Is Linda Chavez Lying?

Is Linda Chavez Lying?

Is Linda Chavez Lying?

Gossip, speculation, and scuttlebutt about politics.
Jan. 8 2001 5:14 PM

Is Linda Chavez Lying?

"She has a history of taking people in," Bush transition spokesman Ari Fleischer said this morning about Linda Chavez, the Bush administration's nominee for labor secretary. Fleischer meant "providing shelter," but Chatterbox wonders whether the more appropriate gloss might be "telling whoppers." The occasion for this ungenerous speculation is Chavez's claim that Marta Mercado, the illegal immigrant from Guatemala whom Chavez housed in the early 1990s, was not her servant. Writing in the Jan. 8 Wall Street Journal, John Harwood, Phil Kuntz, and Kathy Chen elaborate:


He said Ms. Chavez remembers the situation lasting for about a year, while the Guatemalan woman says it lasted about two years.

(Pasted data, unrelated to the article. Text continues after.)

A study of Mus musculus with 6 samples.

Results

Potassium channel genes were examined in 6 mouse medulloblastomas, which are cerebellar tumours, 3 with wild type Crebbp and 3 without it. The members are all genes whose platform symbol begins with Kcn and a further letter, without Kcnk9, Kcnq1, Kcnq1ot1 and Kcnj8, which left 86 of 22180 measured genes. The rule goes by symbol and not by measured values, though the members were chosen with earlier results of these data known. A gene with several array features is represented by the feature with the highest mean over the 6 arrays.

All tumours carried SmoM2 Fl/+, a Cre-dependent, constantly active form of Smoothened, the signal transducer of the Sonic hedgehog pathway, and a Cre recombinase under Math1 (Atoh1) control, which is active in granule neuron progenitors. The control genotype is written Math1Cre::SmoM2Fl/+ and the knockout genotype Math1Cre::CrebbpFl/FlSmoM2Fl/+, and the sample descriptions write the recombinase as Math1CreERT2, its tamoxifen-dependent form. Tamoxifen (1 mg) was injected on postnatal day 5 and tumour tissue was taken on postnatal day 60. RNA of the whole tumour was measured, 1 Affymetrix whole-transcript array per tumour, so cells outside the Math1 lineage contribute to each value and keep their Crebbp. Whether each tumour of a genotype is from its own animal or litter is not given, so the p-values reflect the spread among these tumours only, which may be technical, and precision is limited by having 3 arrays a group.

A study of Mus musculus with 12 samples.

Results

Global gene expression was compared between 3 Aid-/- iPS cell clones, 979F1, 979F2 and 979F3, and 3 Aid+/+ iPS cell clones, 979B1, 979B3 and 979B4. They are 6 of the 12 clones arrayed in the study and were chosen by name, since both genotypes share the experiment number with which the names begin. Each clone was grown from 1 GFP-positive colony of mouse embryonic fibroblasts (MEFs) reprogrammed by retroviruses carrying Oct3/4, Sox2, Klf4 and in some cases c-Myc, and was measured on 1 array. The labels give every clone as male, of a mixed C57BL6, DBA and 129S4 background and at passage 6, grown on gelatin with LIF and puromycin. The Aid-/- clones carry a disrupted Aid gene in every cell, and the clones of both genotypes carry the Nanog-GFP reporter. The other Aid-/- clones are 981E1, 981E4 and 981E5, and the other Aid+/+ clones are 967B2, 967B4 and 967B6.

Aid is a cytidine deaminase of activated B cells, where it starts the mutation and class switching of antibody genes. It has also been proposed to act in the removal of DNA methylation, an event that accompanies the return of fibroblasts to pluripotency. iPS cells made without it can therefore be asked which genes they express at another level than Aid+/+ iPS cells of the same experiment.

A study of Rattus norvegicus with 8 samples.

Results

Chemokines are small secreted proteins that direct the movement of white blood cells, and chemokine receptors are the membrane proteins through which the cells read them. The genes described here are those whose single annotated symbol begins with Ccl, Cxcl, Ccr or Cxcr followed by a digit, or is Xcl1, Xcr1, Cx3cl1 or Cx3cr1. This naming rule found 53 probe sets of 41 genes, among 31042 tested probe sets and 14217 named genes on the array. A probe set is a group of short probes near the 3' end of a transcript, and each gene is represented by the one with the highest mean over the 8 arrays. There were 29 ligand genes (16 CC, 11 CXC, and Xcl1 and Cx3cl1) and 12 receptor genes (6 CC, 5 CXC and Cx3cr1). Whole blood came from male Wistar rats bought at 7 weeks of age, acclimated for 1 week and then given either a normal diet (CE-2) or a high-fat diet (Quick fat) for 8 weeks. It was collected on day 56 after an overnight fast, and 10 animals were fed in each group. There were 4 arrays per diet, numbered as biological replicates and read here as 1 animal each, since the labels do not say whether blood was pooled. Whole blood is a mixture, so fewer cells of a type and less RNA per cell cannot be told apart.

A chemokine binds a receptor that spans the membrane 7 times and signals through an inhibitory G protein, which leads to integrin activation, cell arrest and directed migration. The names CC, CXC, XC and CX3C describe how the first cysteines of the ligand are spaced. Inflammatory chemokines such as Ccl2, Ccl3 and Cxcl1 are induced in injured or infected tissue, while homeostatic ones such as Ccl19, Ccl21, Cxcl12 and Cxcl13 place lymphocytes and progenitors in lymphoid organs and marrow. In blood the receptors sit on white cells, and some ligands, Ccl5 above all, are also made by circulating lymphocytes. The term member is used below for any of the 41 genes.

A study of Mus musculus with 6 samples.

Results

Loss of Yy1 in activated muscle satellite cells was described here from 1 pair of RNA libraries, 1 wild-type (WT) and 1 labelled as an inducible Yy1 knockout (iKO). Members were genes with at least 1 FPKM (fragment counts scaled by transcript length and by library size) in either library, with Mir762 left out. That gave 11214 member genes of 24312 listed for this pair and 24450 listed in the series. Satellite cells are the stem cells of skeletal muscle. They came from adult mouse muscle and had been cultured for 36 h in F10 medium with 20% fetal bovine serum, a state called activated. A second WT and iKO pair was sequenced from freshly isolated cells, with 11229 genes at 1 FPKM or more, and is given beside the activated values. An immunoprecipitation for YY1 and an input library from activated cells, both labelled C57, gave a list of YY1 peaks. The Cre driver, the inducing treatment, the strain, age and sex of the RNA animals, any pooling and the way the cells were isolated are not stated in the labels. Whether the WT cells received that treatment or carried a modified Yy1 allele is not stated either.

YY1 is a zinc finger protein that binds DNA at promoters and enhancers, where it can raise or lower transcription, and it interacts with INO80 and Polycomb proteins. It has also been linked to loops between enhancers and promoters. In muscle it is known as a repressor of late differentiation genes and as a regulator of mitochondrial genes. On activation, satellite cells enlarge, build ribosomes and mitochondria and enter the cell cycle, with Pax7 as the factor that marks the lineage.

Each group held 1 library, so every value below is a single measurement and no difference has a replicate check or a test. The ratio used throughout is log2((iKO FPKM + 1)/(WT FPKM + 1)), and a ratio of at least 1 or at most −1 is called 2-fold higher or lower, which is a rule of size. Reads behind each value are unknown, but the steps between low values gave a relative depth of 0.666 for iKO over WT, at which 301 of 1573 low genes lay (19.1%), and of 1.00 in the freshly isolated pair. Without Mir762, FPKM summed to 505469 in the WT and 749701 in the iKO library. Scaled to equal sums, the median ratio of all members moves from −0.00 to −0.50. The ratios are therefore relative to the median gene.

Chatterbox doesn't want to make too much out of Chavez's apparent inability to remember that Mercado lived in her house for two years, not one. Her memory may just be faulty about that. But when somebody performs work for you over an extended period of time and in return receives thousands of dollars and free room and board, that's "labor." It's reasonable to expect that someone chosen to be the next secretary of labor should grasp this economic concept. If she can't, she isn't qualified for the job. If she can but pretends she can't, then she's lying. Under slightly different circumstances, Chavez, who writes a syndicated column, would probably make this latter point herself. "Never believe any categorical denial of wrongdoing on first utterance," Chavez advised in a March 4, 1998, column, "since it's likely to be revised with clarifications, qualifications or obfuscations within days if not hours."

Photograph of Linda Chavez on theSlateTable of Contents by Jeff Mitchell/Reuters.